A networked HASTAC 2013

My first HASTAC conference was a very interesting one. I had the opportunity to present some of the work I have been blogging about, but more importantly for me, I got the chance to see how people were talking about data. In particular, it was illuminating to attend Session 30, on text mining and linked data.

The perspective of each of the various panelists was somewhat different from my own, as a data analyst and "social scientist." Namely, each paper was concerned with issues of access to data and well-thought-out database structures, and in each case made strong points about the problems with limited access to text and bibliographic information, and the difficulties of fitting the existing RDF model to atypical cases.

What stood out to me, both in Session 30 and throughout the conference, was the focus on specific cases, outliers, and unique observations. Much thought is being put into database structures that accomodate a heterogeneous set of cases, as well as into data visualization that permits close inspection of individual observations.

I would argue that this is different, in important ways, from the perspective with which I approach data: my interest is in understanding through summary measures, and in testing the existence of relationships between variables (a concern with variance and covariance, respectively). As such, specific cases, and outliers in particular, do not typically merit my attention, and in fact, sometimes make analysis difficult. Though I think that statistical inference and estimation, which typically rely on larger samples, are important, I am glad to see such a commitment among the HASTAC community to an approach that priviledges the individual case.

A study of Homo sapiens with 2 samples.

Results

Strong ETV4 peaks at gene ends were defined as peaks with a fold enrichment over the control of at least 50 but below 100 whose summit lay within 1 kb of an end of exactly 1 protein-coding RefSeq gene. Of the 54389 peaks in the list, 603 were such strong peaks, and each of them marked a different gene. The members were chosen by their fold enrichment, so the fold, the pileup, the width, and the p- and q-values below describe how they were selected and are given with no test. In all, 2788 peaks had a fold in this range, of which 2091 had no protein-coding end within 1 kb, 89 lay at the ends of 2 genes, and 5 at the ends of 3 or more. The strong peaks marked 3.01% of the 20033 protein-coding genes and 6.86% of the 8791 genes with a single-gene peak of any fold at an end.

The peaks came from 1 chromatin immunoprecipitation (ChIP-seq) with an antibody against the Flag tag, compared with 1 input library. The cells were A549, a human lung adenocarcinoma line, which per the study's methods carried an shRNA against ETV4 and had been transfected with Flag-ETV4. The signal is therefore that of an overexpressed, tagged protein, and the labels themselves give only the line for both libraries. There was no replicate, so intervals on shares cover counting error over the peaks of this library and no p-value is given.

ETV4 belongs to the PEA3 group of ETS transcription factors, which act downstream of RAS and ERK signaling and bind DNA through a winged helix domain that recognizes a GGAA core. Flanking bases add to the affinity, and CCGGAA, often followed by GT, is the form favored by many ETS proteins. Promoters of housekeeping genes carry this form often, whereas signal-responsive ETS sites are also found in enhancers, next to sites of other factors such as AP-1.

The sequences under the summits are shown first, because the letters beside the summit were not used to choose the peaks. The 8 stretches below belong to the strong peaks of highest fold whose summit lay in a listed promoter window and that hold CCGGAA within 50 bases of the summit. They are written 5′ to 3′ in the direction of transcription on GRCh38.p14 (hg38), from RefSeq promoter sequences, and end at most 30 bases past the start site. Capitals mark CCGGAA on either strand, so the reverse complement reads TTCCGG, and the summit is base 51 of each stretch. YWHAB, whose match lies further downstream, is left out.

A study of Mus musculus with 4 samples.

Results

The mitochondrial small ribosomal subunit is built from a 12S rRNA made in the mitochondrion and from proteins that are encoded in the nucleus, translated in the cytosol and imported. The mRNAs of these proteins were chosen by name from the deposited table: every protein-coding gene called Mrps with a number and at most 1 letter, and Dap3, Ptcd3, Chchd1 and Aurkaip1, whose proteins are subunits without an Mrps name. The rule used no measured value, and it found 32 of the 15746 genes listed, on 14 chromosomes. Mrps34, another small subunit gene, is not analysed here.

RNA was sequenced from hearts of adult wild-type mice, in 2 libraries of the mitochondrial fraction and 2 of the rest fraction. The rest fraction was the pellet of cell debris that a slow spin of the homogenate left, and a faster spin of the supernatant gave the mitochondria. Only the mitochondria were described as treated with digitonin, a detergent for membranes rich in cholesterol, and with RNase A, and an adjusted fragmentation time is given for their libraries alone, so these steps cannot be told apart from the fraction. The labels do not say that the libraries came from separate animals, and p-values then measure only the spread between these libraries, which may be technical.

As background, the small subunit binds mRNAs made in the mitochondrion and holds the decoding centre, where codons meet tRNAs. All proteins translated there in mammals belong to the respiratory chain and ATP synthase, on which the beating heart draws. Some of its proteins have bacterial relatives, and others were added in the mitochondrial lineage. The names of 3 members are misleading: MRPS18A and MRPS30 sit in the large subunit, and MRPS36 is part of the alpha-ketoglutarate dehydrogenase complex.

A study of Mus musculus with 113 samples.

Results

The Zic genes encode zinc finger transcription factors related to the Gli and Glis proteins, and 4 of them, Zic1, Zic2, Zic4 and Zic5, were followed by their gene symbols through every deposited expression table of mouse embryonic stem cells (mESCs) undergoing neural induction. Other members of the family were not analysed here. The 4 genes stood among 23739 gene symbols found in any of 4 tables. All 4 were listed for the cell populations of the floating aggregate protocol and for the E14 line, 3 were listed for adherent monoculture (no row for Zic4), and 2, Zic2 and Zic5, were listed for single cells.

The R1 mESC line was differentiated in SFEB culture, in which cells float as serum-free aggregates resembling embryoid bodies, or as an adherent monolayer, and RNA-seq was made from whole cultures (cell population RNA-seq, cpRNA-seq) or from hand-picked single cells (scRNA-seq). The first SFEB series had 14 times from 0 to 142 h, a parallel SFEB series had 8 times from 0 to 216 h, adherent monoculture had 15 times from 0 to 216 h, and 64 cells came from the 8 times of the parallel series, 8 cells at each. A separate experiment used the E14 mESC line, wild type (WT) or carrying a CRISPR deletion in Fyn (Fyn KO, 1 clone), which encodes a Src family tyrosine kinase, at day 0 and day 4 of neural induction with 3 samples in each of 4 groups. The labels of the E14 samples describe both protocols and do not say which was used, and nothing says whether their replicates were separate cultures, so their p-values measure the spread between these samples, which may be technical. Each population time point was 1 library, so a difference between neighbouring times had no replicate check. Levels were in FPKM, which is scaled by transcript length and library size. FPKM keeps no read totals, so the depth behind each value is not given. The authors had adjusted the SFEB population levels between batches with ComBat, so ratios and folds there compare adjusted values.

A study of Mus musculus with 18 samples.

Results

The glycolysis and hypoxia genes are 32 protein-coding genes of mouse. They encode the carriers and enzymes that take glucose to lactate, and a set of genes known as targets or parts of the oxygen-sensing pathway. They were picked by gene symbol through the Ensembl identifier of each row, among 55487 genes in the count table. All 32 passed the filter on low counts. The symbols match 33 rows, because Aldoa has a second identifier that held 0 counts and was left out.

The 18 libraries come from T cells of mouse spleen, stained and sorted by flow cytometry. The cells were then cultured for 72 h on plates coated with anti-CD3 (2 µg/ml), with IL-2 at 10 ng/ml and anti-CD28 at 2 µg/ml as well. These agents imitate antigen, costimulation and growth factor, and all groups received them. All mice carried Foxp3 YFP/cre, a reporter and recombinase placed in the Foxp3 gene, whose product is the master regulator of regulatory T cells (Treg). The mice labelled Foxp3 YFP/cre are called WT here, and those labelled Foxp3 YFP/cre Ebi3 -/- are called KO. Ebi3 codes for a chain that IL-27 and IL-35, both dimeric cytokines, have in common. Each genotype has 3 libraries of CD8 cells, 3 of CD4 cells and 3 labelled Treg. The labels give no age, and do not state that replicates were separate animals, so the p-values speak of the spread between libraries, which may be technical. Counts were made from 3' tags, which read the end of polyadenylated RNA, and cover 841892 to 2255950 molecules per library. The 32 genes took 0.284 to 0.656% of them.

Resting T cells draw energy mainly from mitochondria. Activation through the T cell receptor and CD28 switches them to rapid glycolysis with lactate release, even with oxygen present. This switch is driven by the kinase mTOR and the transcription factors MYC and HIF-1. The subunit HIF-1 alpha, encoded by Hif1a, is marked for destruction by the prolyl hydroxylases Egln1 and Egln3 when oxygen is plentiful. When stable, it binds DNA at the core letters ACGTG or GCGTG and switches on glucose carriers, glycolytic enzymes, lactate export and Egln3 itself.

I want to conclude by sharing a visualization of the #HASTAC2013 hashtag network on Twitter. Specifically, this visualization finds all Twitter accounts who used the #HASTAC2013 hashtag, and plots the Following relations between each of them. The NodeXL extention to Microsoft Excel makes it easy to gather this data, apply the Wakita-Tsurumi clustering algorithm, and layout the entire graph according to cluster membership.

Not surprisingly, according to PageRank (or eigenvector centrality), the most central accounts are HASTAC, Cathy Davidson, and Fiona Barnett (HASTAC Scholars). These are followed by Bethany Nowviskie, Ryan Hunt, the HASTAC 2013 account, Lee Skallerup, Adeline Koh, Jentery Sayers, and Melonie Fullick. More interesting to me, however, are the various emergent clusters, which I have only just begun to explore. I would be interested in hearing from those of who who have been part of the community for longer than I, to help in identifying the clusters of users within this Following network.


This material is based upon work supported by the National Science Foundation under Grant Number 1243622. Any opinions, findings, and conclusions or recommendations expressed in this material are those of the author(s) and do not necessarily reflect the views of the National Science Foundation.




Hi David,

This is an interesting post!  The graph, however, is admittedly difficult to navigate. Is there a way to simplify it or is that the nature of the visualization?

Also, thanks for sharing the NodeXL program with us. I'm looking forward to playing around with it.

Lori Beth 


Thanks! Unfortunately, I find it difficult to simplify network graphs like this, especially if you have an interest in making each node identifiable, as in the large version of the image.

NodeXL actually does allow one to simplify somewhat, though -- as I have done here, it is easy to cluster the graph into boxes based on any arbitrary partition. Also, a recent release of NodeXL introduces "motif simplification," which drastically simplifies complex graphs into a set of glyphs, although at the cost of individual node identifiability (see this video).